Recognising stress and how to deal with it
You may have heard the notion that some stress is good for us but this is hard to appreciate when we suffer from exam nerves, pre-presentation stage fright, an increasing workload or trying to cope with a difficult work colleague.
There are those situations in life (such as giving birth or getting married), which are positive states of stress, but most of us associate stress with feeling close to breaking point and feeling physically or psychologically ill.
However, how we perceive stressful situations depends on our previous experiences, our spontaneous behaviour patterns our thinking processes and our mind-sets.
Experts state that we cause 95% of our own stress, depending on our filter systems and it depends on how we filter our feelings and responses to given situations.
We often associate a previously stressful time with THAT place, person or situation.
The thing about stress is that it is all relative; some people thrive on the adrenalin of a 24/7 lifestyle and are at their best in a crisis whilst others fall apart at event the slightest change to their normal routine.
Psychologists define type A personalities; those who are competitive and perfectionists.
And type B personalities; those who are more easy going, less concerned about being number one or what others think of them and are better able to deal with stressful situations.
Knowing the warning signs and what triggers your own stress will help you to understand how to cope with it in a positive way and allow you to make some changes in order to deal with stress as it appears in your life in the future.
Tips on how to deal with stress
Identify what is causing you to worry - if the reason isn't clear, you may have to really think about it. Writing it down or talking to friends can help you sort out your feelings.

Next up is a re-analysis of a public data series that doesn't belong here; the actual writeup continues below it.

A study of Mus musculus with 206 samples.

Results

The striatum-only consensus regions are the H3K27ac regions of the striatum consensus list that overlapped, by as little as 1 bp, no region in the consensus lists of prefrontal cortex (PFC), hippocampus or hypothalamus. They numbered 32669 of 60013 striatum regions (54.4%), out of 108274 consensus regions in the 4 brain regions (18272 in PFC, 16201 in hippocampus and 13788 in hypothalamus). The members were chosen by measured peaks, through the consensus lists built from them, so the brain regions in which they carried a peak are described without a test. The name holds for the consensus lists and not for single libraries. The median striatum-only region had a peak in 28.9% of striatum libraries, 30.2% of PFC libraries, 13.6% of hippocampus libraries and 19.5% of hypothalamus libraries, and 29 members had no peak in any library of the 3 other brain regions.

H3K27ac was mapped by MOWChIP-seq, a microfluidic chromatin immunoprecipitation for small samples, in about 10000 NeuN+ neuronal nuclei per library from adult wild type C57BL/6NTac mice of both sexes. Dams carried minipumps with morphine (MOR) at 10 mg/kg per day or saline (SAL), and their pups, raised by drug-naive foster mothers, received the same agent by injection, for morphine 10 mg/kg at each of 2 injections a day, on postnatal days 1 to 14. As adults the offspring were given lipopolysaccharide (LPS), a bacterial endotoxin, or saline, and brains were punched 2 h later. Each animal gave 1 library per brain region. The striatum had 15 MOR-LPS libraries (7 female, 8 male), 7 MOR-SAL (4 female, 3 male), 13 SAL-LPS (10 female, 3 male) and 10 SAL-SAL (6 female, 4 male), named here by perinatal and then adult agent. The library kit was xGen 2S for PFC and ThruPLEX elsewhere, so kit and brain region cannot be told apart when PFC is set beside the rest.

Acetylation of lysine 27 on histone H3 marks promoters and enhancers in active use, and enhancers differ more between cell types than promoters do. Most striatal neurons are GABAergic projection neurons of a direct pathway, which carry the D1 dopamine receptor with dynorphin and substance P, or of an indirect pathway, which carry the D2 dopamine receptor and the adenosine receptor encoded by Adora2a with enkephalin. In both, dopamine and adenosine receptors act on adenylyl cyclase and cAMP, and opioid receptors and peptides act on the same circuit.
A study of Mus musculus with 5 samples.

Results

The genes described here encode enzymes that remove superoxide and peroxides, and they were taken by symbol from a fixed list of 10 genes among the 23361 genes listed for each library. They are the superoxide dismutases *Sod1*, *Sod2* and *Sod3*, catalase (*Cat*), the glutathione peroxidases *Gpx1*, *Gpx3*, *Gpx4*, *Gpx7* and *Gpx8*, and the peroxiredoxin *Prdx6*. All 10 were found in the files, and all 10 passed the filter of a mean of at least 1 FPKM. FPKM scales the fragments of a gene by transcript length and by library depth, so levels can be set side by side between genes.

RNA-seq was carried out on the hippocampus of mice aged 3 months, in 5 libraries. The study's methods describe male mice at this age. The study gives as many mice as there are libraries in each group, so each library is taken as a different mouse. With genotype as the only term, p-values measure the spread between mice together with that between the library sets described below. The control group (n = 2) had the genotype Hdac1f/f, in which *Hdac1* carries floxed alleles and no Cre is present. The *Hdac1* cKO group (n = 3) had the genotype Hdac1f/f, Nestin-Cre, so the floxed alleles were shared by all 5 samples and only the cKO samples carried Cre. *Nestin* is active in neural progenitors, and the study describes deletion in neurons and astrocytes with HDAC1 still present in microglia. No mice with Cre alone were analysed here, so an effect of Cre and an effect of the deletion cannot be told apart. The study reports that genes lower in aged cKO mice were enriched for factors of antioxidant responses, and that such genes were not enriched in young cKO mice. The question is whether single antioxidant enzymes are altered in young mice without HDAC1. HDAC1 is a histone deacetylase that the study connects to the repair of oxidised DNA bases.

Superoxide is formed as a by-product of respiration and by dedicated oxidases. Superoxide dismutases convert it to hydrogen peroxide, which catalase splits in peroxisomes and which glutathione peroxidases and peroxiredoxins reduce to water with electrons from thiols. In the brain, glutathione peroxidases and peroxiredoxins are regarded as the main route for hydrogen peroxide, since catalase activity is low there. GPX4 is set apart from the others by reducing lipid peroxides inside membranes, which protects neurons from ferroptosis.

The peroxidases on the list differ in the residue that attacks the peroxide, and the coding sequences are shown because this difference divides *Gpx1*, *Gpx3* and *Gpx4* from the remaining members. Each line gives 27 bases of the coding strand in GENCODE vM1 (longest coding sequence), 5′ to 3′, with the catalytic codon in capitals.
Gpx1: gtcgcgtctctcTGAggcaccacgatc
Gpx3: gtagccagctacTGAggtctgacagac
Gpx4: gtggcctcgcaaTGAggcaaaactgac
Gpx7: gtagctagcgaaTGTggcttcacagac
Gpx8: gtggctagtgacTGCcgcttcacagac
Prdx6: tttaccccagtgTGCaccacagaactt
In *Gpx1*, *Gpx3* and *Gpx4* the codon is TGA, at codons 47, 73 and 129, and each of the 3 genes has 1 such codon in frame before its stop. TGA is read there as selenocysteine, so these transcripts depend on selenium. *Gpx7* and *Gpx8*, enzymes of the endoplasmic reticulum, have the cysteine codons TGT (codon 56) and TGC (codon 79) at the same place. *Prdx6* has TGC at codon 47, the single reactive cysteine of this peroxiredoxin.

Decide what action to take (if any) - work out what part of the situation is under your control and assess it to see if the threat is real or if you are blowing it out of proportion. If the problem is just hypothetical/worst case scenario, work out if your fears are likely to actually happen.
Come up with a plan to tackle the part of the problem that is within your control - taking action to protect yourself is a good way to channel nervous energy and provides reassurance against your innermost fears.
Reframe your inner language - this means turning any negative thoughts or statements you have into more positive ones. This may seem easier said that done but the more you practice new thoughts and habits, the more likely they are to replace your negative ones.
Practice positive self-belief - make a conscious effort to stop your self-limiting beliefs for example 'I can't cope with my current situation,' can be replaced with 'what can I do now to start to change the situation?'
Focus on the present - ignore your inner voice telling you to fear the future eg. 'this will turn out like last time,' and instead focus on the here and now.
Challenge any labels you give yourself - don't think of yourself as a failure or loser; often the only limitations in life are those we bestow upon ourselves.
Look on any setbacks as learning opportunities. When J K Rowling wrote her Harry Potter books she was rejected by publishers on numerous occasions but she kept going and look at her now! Developing an attitude that there is a hidden advantage to be had from most difficult situations can be challenging but there is a certain amount of wisdom in the saying: 'what doesn't kill you can only make you stronger.'
Naturally, it takes a lifetime to adopt certain patterns of behaviour and attitudes of mind but, with practice and determination it IS possible to replace our responses to certain situations or people that we find difficult with more ones that allow us to create more positive feelings of self-worth and well-being.